Serving Up Pride: Working In Restaurants Freed Me to Live the Life I Choose

Pride is like a fine wine that gets better with age.

A waiter approaches a table at a restaurant


Thirty-two years ago, I was waiting tables during one busy lunch when a four-top of men sat in my section. Their outward appearance gave me the impression that they drove pick-ups and watched sports while expecting their wives and girlfriends to make them sandwiches. It’s said that we can’t judge a book by its cover, but I did and they did the same thing to me. After taking their drink order, I heard one of them refer to me as a "faggot" as I walked away. They judged my book cover to be a dog-eared copy of Nancy Drew’s The Secret of the Old Clock

The word left his mouth and went into my ear to travel a well-worn path up to my brain and then straight to my heart. Rather than saying anything to this man, I pretended to not have heard the slur and dutifully retrieved his lemonade. It wasn’t the first time I’d been called that name and as much as it hurt, I was used to it. I wasn’t as brave then as I am now and didn’t have enough pride or confidence to call him out for his behavior. Instead, I held back tears and served lunch to this man and his friends. Whether the tears were from anger or hurt, I’m not sure; probably both. 

Pride isn’t something we’re automatically born with. It’s not in our genes. It has to be taught and learned and sometimes it takes years to get there. Without seeing many other examples of proud gay men, how was I to know it was okay to be who I was? Back then, even Elton John had just come out of the closet and George Michael was still pretending to be straight. I wasn’t ashamed of being gay, but I certainly didn’t draw attention to it unless I was ensconced in the relative safety of the gayborhood I lived in. Pride is like a fine wine that gets better with age and the more you surround yourself with others who are proud, the more proud you become.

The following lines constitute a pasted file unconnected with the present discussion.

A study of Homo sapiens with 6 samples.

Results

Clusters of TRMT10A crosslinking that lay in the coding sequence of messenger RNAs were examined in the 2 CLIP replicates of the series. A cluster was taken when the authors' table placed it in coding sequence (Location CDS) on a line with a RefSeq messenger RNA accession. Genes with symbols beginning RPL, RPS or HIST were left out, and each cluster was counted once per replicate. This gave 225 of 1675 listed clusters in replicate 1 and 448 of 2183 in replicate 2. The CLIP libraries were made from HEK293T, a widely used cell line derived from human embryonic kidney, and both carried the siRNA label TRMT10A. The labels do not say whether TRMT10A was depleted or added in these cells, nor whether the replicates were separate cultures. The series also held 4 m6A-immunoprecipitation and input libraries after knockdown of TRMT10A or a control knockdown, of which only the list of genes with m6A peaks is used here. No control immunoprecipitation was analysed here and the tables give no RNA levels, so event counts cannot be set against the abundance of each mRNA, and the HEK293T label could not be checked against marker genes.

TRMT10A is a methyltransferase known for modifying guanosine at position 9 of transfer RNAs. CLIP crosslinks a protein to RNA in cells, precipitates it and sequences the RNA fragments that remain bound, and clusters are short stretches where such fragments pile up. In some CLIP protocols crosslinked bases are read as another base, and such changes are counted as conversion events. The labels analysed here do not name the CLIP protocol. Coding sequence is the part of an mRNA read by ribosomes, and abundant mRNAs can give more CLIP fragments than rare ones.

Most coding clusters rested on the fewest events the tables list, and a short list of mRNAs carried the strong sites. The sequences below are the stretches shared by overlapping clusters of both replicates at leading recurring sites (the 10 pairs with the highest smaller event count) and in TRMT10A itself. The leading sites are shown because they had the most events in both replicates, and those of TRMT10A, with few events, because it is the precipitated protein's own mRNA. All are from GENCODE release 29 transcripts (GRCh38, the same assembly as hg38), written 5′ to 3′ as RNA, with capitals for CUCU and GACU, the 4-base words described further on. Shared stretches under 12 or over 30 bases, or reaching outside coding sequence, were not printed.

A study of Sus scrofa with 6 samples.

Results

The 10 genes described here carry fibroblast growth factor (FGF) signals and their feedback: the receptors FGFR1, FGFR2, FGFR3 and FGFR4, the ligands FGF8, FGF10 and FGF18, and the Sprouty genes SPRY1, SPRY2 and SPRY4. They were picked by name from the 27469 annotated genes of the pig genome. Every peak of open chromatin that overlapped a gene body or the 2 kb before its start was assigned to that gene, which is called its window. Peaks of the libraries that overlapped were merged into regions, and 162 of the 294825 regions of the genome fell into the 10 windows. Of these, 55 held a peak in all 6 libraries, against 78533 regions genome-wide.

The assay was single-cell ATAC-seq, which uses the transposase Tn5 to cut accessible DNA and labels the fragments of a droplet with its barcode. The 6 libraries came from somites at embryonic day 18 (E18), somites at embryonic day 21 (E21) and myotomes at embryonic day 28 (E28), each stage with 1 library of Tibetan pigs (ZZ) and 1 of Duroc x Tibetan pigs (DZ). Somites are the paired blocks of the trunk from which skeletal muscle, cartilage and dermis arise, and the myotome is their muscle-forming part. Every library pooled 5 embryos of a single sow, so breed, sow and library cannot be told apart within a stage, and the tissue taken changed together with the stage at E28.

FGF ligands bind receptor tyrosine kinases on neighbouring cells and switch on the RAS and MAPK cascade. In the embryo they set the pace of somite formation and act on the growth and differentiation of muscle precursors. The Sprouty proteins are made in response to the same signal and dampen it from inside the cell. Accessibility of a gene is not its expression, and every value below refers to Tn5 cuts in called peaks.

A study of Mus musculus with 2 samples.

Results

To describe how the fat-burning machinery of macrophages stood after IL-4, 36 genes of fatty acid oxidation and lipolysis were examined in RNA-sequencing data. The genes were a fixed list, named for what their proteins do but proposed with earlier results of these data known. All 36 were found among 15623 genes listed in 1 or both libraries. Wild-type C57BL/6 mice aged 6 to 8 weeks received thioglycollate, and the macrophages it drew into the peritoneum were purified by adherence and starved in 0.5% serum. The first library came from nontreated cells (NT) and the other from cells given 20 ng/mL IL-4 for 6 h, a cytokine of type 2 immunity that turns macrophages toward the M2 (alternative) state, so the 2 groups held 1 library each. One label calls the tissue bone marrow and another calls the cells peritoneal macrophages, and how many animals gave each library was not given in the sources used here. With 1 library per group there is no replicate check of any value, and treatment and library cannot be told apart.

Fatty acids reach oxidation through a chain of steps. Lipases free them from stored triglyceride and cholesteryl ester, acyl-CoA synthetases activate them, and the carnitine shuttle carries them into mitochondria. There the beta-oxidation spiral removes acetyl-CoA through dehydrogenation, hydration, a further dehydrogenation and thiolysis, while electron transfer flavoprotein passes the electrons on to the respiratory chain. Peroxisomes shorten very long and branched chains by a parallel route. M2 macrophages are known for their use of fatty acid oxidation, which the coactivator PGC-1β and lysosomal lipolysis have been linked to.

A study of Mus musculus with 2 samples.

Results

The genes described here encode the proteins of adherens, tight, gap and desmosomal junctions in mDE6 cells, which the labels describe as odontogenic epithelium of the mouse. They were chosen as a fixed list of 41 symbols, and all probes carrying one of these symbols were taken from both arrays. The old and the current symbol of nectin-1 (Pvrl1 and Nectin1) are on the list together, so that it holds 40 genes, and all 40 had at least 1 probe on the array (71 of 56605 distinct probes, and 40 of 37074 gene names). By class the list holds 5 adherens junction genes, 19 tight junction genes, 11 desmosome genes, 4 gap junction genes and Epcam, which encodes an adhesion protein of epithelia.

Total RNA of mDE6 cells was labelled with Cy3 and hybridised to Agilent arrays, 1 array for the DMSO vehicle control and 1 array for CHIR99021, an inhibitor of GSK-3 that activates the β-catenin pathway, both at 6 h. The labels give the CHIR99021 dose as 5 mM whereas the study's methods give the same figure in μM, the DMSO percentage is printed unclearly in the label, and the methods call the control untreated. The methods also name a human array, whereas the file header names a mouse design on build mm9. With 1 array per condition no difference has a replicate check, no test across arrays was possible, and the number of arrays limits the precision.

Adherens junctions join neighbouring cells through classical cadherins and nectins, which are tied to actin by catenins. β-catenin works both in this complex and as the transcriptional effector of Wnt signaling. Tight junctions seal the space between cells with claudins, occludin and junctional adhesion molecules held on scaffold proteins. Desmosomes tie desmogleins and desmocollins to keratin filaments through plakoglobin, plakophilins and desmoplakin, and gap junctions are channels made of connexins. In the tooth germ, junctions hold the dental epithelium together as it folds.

That hurtful encounter happened at the same restaurant where I once hid myself from a former high school friend who came in as a customer. I was embarrassed that he was there on a business lunch and I was there wearing a gravy-stained, green polyester work uniform. In my view, he was a success because he was wearing a suit and I was a failure because I was serving fried chicken and okra. Looking back, it seems foolish to have been ashamed of being a 24-year-old waiter who was auditioning by day and doing plays and musicals by night. I was pursuing my dreams and that should have been enough. Again, I didn’t have the sense to be proud of what my life was. 

Decades of confidence building have passed since then and I know both of those situations would be handled very differently now. Any person who had the guts to foolishly use that word to describe me today would get an earful of carefully curated sentiments, backed up with passion and pride. All the times I’ve swallowed my hurt would come gushing out. What I got in me — what I've been holding down inside of me — oh, if I ever let it out, there wouldn't be signs big enough! There wouldn't be lights bright enough to handle that amount of self-worth. 

And as for waiting tables well into middle-aged adulthood, I’m fine with that too. I did it because it allowed me to become who I am. Working in restaurants for as long as I did gave me the freedom to live the life I chose. If I was working in a restaurant now and that high school friend came into my section, I’d cheerfully serve and tell him how proud I am of everything I’ve accomplished — including telling you this story.